As DoorDash grew to become the biggest on-demand food delivery app in the country, it began doing something unconventional with customers’ tips: It used them mostly to subsidize its payments to delivery workers.
Even as it faced blistering criticism for the policy in February, DoorDash stuck with it.
No longer. DoorDash announced Tuesday night that it was dropping its tipping policy, which had effectively meant customers’ tips were going to DoorDash rather than the person who delivered their meal.
The decision followed another round of outrage and customer complaints about the policy after a New York Times reporter described in an article what it was like to work as a food-app deliveryman.
“Going forward,” DoorDash’s chief executive, Tony Xu, wrote on Twitter on Tuesday, “we’re changing our model — the new model will ensure that Dashers’ earnings will increase by the exact amount a customer tips on every order. We’ll have specific details in the coming days.”
For DoorDash’s 400,000 delivery workers, known as Dashers, the “specific details” hold the key to whether the decision actually increases the money that goes in their pockets.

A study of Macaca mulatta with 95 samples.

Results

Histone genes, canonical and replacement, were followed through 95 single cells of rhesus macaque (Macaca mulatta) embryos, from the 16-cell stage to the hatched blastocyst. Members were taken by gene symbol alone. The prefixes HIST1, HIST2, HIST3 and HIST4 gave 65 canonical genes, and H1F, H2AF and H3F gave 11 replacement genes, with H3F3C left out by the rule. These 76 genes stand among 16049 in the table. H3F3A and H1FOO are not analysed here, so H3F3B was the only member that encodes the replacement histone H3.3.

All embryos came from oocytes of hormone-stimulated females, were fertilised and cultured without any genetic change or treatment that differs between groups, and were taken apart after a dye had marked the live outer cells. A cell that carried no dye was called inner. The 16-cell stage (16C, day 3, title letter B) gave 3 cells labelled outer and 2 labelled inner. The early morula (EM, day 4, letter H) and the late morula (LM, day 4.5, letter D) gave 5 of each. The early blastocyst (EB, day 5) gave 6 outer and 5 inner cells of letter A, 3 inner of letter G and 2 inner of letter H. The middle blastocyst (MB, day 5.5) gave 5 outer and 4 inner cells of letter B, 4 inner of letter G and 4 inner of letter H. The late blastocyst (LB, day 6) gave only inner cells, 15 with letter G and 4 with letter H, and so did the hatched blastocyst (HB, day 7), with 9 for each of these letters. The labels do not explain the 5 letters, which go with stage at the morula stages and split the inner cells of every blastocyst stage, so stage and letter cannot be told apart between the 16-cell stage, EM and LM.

Under the policy, which the company adopted in 2017, DoorDash began offering a guaranteed minimum payment for a delivery.
A tip paid through the app now went mostly to offsetting DoorDash’s contribution toward the guarantee, rather than increasing the Dasher’s pay.
DoorDash had said the system kept workers’ pay consistent when customers tipped little or nothing. For example, if DoorDash guaranteed a worker $7 for a delivery and a customer did not tip, DoorDash would directly pay the worker $7.
But if the customer tipped $3 via the app, DoorDash would directly pay the worker only $4, then add on the $3 tip so that the worker would still get only $7.